Leamington Lift Bridge received a festive windfall thanks to £350,000 awarded through Sustrans Scotland’s National Cycle Network Development Programme, funded by the Scottish Government, which will secure this vital part of the National Cycle Network.
The historic structure, which spans The Union Canal at Edinburgh Quay, was identified as an operational risk in September and was then closed to boating traffic and restricted to pedestrians and cyclists.
Funding will preserve the existing structure of this 122-year old lift bridge, which is popular with walkers, cyclists and commuters, with works beginning in early 2019 and scheduled to complete by the summer.
The works will include upgrading the lifting mechanism and creating alternative pedestrian access across the canal while the bridge is closed to public access.
The towpath will remain open throughout the works and boats moored in the basin will get an opportunity to move through the bridge. Although the pedestrian access across the bridge may need to close at some point during the works, Scottish Canals will create an alternative route which spans the canal.
Tom Bishop, Head of Network Development at Sustrans Scotland, said: “We are delighted to be working with our close partners at Scottish Canals to facilitate these works through the National Cycle Network development fund.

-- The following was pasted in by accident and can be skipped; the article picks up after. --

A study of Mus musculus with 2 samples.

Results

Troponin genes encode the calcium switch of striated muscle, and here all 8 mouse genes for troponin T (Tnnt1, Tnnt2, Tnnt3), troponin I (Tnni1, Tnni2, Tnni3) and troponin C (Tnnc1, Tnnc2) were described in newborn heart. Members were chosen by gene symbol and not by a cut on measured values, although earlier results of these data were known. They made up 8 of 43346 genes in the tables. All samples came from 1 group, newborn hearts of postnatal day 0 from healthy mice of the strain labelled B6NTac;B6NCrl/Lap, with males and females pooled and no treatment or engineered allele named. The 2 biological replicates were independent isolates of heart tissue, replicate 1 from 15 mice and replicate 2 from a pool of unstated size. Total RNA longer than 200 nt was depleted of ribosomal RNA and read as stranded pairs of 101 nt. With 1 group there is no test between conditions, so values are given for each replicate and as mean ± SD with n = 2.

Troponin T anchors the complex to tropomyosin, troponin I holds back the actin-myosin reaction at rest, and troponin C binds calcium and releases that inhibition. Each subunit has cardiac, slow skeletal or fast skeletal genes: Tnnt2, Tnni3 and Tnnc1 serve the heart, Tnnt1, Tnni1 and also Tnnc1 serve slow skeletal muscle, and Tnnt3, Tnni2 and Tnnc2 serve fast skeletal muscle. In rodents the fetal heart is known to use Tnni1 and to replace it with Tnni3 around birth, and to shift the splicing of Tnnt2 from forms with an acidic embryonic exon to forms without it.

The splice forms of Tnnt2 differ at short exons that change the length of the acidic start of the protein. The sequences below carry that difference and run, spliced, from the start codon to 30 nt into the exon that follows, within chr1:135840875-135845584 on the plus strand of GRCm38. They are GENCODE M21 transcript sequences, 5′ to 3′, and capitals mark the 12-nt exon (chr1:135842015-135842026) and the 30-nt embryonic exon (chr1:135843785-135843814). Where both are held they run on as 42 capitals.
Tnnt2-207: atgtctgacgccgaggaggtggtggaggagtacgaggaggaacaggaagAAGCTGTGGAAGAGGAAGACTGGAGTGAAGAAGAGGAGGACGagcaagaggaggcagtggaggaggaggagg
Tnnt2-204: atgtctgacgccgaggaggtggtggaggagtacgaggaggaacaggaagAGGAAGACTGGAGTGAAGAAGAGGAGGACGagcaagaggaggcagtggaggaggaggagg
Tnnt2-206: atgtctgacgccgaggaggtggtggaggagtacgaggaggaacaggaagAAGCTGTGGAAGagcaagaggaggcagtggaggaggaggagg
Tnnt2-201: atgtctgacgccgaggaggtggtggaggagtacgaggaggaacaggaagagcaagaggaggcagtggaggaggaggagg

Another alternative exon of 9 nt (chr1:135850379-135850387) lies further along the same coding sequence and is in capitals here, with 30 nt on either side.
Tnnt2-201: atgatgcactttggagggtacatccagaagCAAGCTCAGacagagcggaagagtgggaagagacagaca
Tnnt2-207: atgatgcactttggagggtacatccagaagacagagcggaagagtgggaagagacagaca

“National Cycle Network Routes 75 and 754 are vital links for commuters and visitors to Edinburgh alike, and this programme of repairs to the Leamington Lift Bridge will ensure that this well-loved section of the Union Canal remains a vibrant and inviting place to walk and cycle.”
Edinburgh Canal Champion Cllr Gavin Corbett said: “I am delighted and relieved at this news. For many, the lift bridge is the most significant symbol of the canal’s industrial past and of the ambitious plans to create a new canalside community at Fountainbridge. To have lost the lift bridge as the Union Canal approaches its bicentenary in 2022 would have been unthinkable.
“I know the work needed is significant and painstaking and it will involve some disruption. But a long term future for the bridge will make it worthwhile.”